How to make dumplings: Easy folding techniques from a Seattle chef
Saturday marks the start of the Year of the Dragon, in the lunar calendar. Lunar New Year festivities are on the rise as Seattle's Asian population continues to grow.
But they’re not all parades and lion dances. It’s a time to feast. But the food composing a Lunar New Year feast should feature dishes that symbolize good health, abundance, and prosperity. This is why dumplings are popular. They resemble money pouches or gold ingots. They represent wealth.
Fillings vary. Sara Upshaw, owner of Korean deli Ohsun Banchan in Seattle’s Pioneer Square, makes hers with vegetables.
“Some tofu, some potato starch noodles, and then bean sprouts," Upshaw said. "There’s napa cabbage, there’s chives seasoned with salt, of course, and a little bit of egg for a binder.”
Upshaw says making dumplings, or "mandu" as they are called in Korea, is part of her family tradition. Here, she uses store-bought dumpling wrappers. To start, Upshaw places a teaspoonful of filling in the center.
To seal it, she dips her finger in water to wet the edge before folding it in half and firmly pressing the edges together, so it looks like a half moon.
To finish, she starts making little folds on the curved edge of the dumpling.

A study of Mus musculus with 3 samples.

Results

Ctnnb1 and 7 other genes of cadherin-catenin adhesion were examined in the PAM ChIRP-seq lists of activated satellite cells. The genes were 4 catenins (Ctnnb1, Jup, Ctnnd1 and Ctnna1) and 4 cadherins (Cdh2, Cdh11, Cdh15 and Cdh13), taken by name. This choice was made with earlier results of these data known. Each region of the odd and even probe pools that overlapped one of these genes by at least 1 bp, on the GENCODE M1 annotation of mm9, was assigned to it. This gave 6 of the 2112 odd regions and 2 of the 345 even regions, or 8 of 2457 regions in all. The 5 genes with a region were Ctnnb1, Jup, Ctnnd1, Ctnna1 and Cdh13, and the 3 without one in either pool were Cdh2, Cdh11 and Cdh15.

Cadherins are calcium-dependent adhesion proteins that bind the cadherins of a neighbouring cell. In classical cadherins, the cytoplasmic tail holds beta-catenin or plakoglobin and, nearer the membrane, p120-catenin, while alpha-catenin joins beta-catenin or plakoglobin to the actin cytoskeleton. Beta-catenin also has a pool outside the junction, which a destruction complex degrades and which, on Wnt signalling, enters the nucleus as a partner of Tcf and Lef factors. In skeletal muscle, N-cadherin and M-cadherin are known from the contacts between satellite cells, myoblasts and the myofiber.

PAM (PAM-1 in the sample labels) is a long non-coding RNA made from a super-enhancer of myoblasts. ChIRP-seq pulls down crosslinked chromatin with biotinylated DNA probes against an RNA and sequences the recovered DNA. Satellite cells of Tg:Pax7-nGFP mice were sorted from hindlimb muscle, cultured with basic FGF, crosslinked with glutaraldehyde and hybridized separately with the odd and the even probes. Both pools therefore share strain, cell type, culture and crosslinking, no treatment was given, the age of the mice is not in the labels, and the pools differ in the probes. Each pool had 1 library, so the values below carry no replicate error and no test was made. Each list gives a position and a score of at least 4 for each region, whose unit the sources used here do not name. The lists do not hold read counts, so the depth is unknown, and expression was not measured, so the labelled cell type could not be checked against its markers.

“I’m going to make four pleats like this," Upshaw said, "and if it starts to come up a bit you can just add a bit more water to make it more of a binder.”
If making pleats is not your thing you can bring the two corners of the edge together and firmly but gently press them together. Upshaw says part of the dumpling’s appeal is that it can be a group activity that anyone can take part in—which is at the heart of any Lunar New Year gathering.
“Being able to gather around the table and just make dumplings so that everyone feels that comfort and feels like they’re part of this loving way of showing care for each other,” Upshaw said.
Not to mention that it’s a good way to catch up with family and loved ones.
“You’ll get to the point where you’re not even looking at your folds because everyone will be gossiping with each other, and talking with each other and asking what’s the latest this that and the other," she said.
After making a big batch, the dumplings can be fried, steamed, or boiled. And that’s another thing about dumplings. You can cook them however you want; there’s no wrong way to serve them.
Here's a link to Upshaw's mandu recipe.